This time of year in Nebraska, our state flower, the goldenrod, is mellow yellow. The deciduous trees have turned color, and the corn growers are sweeping their fields with massive combine harvesters.
If you’re driving down rural roads in mid-America this time of year, be on the lookout for large, slow-moving farm equipment. You might see one just as you pop over the top of a hill. In the autumn, at night, you may see bright headlights in the fields as farmers work to bring in the corn before the onset of unfavorable weather.
Farmers always have deadlines and must adjust their personal schedules to accommodate windows of opportunity. The corn plants have to be dry in order to achieve a relatively trouble-free harvest. If the rains arrive before harvest is complete, the grain must be mechanically dried before it can be put into longterm storage.
Corn is the major crop here in Nebraska. One of our state mottoes is that we’re the Cornhusker State. In most regions of Nebraska, it’s hard to get away from that fact. (The western areas are less favorable for the crop, so there is far less corn grown there.)
Fun facts: the top four corn producing American states are Iowa, Illinois, Nebraska, and Minnesota. While the United States is the world’s largest corn producer, China isn’t far behind at number two. Brazil is the third-ranked grower. They are followed by Argentina, The Ukraine, and India. We’re told these facts in school and in corn industry advertising. Corn is big business.
“Corn is already the most subsidized crop in America, raking in a total of $51-billion in federal handouts between 1995 and 2005–twice as much as wheat subsidies and four times as much as soybeans. Ethanol itself is propped up by hefty subsidies, including a 51-cent-per-gallon tax allowance for refiners.”–author and journalist, Jeff Goodell
Corn and grain growers are chronically plagued by unfavorable weather, global climate change, and worst of all–financial debt. If you’re acquainted with farmers, you know that their conversation usually centers around harsh weather and bank debt. They account for a sizable share of bank loans. Financially stressed grain growers are often in line for government assistance.
Broadcast newscasts in the Great Plains often feature stories about farmers’ weather and money woes. Speaking of advertising, there is a never-ending stream of advertising for seeds, fertilizers, herbicides, and pesticides. The advertising dollars from corporations that manufacture these products keep broadcasters afloat.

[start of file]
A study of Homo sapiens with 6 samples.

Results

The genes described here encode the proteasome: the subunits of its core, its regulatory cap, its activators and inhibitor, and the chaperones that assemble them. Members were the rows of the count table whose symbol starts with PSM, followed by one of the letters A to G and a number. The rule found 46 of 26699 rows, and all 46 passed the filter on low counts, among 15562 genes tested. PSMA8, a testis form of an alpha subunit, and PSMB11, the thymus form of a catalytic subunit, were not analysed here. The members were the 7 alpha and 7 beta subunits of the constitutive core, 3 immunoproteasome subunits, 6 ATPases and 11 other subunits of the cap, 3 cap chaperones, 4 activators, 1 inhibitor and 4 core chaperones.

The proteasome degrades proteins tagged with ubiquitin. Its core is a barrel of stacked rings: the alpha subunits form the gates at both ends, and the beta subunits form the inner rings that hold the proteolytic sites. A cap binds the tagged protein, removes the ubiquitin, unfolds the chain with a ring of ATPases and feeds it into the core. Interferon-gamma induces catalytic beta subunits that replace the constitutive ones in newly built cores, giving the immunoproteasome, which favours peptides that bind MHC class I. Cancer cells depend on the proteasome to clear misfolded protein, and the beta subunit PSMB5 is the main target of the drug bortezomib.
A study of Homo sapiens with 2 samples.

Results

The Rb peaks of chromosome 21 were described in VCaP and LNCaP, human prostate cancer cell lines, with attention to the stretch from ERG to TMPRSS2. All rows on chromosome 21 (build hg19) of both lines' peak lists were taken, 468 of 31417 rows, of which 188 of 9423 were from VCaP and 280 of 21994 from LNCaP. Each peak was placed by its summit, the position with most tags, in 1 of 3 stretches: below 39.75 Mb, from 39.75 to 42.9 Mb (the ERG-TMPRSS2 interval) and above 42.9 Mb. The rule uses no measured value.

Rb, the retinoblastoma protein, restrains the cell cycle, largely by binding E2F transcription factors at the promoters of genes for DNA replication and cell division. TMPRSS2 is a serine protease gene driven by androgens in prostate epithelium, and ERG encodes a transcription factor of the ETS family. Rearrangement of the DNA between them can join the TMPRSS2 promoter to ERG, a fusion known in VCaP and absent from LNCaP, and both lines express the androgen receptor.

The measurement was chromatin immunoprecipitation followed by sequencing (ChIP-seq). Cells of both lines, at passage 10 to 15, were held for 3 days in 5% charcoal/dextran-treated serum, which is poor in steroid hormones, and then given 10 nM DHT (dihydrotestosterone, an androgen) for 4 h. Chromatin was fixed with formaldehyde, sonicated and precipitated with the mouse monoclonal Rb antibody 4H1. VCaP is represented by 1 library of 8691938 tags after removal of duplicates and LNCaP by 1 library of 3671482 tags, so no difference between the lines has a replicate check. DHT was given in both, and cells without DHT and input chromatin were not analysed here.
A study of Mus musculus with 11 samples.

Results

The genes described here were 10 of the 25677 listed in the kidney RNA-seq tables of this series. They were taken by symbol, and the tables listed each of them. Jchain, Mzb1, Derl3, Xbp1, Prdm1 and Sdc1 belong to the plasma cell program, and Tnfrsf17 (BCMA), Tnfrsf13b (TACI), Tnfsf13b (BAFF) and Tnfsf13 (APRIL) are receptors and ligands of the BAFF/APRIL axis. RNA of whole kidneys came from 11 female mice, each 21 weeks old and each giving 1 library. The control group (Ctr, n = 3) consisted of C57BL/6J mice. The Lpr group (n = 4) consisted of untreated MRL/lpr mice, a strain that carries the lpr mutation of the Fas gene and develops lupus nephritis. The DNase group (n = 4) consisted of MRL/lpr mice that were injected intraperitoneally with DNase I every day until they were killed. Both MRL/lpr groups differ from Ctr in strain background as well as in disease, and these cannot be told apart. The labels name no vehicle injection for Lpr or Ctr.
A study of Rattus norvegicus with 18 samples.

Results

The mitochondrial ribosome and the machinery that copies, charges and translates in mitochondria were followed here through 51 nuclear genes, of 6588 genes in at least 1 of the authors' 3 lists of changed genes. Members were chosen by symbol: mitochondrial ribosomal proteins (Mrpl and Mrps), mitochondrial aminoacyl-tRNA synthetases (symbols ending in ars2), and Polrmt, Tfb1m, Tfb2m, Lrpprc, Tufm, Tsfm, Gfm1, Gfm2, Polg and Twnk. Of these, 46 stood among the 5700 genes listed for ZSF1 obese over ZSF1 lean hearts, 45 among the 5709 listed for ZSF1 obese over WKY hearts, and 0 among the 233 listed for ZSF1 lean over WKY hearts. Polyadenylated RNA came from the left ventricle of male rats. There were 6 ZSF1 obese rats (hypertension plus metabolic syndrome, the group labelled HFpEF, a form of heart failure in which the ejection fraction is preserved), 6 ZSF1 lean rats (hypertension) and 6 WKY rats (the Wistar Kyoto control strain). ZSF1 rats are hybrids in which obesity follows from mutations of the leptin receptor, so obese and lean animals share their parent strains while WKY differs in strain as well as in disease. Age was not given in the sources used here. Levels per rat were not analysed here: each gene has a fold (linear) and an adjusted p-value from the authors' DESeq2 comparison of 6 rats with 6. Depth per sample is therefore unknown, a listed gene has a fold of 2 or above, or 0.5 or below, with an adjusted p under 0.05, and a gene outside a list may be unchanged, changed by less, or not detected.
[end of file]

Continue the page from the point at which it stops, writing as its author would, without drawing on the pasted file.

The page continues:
Meanwhile, the relationship between agribusiness and local communities borders on dysfunctional. Local business depends upon multinational and producer input. At the same time, as farmland ownership becomes more consolidated, there are fewer farmers to support local mom and pop businesses.
Local grain producers have become less independent and are more like employees or serfs to major multinational corporations. The producers are obliged by social custom and legally bound by financial law to plow their fields, plant the seeds, cultivate it mechanically or chemically, harvest it, and store it. To accomplish this, the growers must maintain relationships with big business, banking, and insurance.
As I drive down rural two-lane highways in the fall, I am sure to encounter at least one slow-moving grain combine as it takes up an entire width of a lane. I marvel at the cost of the machine. To buy one new, someone must pay close to half-a-million-dollars. Even pre-owned combines costs are in the six-figures. There are hidden costs such as maintenance for these complex machines. Routine care such new tires and engine upkeep must be figured in, as well.
Earlier this week, I had to follow one of these mechanical beasts on the highway for half a mile because of traffic. That’s what inspired me to write about corn production today.
The Blue Jay of Happiness quotes restaurateur, entrepreneur, Kimbal Musk. “If you’re a commodity corn farmer in Iowa, you’re locked into an infrastructure that keeps you a commodity corn farmer.”